Labor pledges $4m to help retain quantum research talent

Joseph Brookes
Senior Reporter

Labor has pledged $4 million in new funding to support Australian quantum researchers, promising to grow the strategically important sector and capitalise on the comparative advantage it has created if it wins Saturday’s election.

Announced Wednesday, the commitment includes $3 million for quantum technology PhDs, and another $1 million to “kickstart” national collaboration on quantum research and education, based on the Sydney Quantum Academy model.

Quantum computer. Photo: IBM

The Sydney Quantum Academy is a partnership between four New South Wales universities with state government support that aims to build Australia’s “quantum economy” by attracting and developing leading researchers, facilitating industry partnerships and promoting responsible development.

Shadow Defence minister Brendan O’Conner and shadow assistant minister for cybersecurity Tim Watts said a similar approach at a national level would happen under a Labor government which would also fund more quantum PhDs with its $4 million commitment.

“Graduate research is the raw fuel that powers a nation’s domestic quantum industry – the quantum PhD students of today are the start-up founders and commercial pioneers of tomorrow,” a joint statement said.

“Quantum technology promises breakthroughs in weapons, communications, sensing and computing technology including for military use, and the potential for strategic advantage has spurred a major increase in funding and research and development in recent years overseas.”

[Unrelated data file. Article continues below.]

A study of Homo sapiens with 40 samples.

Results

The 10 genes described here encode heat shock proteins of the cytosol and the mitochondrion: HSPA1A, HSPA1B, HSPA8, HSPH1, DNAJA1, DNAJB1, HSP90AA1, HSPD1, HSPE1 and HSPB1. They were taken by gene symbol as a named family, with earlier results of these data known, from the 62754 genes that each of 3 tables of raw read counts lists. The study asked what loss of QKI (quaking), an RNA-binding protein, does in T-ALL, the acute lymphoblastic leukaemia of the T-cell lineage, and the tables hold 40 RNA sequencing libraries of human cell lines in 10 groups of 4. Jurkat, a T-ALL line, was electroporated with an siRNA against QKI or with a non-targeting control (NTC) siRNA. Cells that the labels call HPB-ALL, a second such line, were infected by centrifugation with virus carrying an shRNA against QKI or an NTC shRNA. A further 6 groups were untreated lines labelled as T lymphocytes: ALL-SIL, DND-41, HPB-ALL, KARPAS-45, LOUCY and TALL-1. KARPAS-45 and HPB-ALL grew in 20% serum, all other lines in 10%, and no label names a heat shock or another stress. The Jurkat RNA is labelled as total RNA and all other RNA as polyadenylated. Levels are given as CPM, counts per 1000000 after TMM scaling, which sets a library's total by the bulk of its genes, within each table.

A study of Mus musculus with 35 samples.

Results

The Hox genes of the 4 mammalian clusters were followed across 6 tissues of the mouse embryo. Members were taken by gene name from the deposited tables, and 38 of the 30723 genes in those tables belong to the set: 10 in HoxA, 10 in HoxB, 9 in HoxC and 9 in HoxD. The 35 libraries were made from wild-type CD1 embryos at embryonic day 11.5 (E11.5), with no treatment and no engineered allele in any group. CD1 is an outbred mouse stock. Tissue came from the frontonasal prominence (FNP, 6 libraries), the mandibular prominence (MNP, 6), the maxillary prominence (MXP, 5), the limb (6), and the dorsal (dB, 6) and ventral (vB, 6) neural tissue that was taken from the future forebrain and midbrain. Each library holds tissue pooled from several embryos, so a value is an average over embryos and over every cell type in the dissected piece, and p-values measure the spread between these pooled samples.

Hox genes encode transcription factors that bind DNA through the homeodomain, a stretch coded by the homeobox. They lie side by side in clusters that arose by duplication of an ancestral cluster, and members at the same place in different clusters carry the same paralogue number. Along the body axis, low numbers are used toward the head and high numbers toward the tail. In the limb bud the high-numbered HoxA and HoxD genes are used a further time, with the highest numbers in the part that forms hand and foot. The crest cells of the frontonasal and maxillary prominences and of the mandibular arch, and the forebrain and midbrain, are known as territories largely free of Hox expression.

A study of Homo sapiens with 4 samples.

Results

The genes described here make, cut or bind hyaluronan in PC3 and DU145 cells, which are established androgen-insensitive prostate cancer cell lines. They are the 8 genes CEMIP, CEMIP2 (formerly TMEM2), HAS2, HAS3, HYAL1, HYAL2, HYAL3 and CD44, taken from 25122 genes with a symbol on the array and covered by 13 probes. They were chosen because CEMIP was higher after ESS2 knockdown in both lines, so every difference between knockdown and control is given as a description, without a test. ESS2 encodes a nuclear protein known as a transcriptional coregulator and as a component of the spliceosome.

Labor said the comparative advantage Australia has in quantum technologies came on the back of previous Labor investments like the Rudd Government’s $40 million investment in the Sydney Nanonscience Hub.

The new funding commitment is separate from Labor’s $15 billion National Reconstruction fund which has carved out $1 billion for critical technologies.

Labor says the $4 million for PhDs and collaboration will complement the fund, its planned $1.2 billion defence innovation agency and the AUKUS security pact which includes information sharing on critical technologies.

The Coalition has also shown support for quantum, including signing a cooperation agreement with the US, developing a national quantum strategy – currently being led by Australia’s chief scientist Dr Cathy Foley – and funding Australia’s first Quantum Commercialisation Hub with $70 million in funding over the next decade

CSIRO has predicted quantum could create 16,000 new jobs and be worth $4 billion dollars to the Australian economy by 2040, comparable to Australia’s current wool and wheat industries.

Despite being considered a global research leader in quantum, investment in quantum in Australia has fallen in the last five years, with Labor previously arguing the area has been neglected by the Coalition.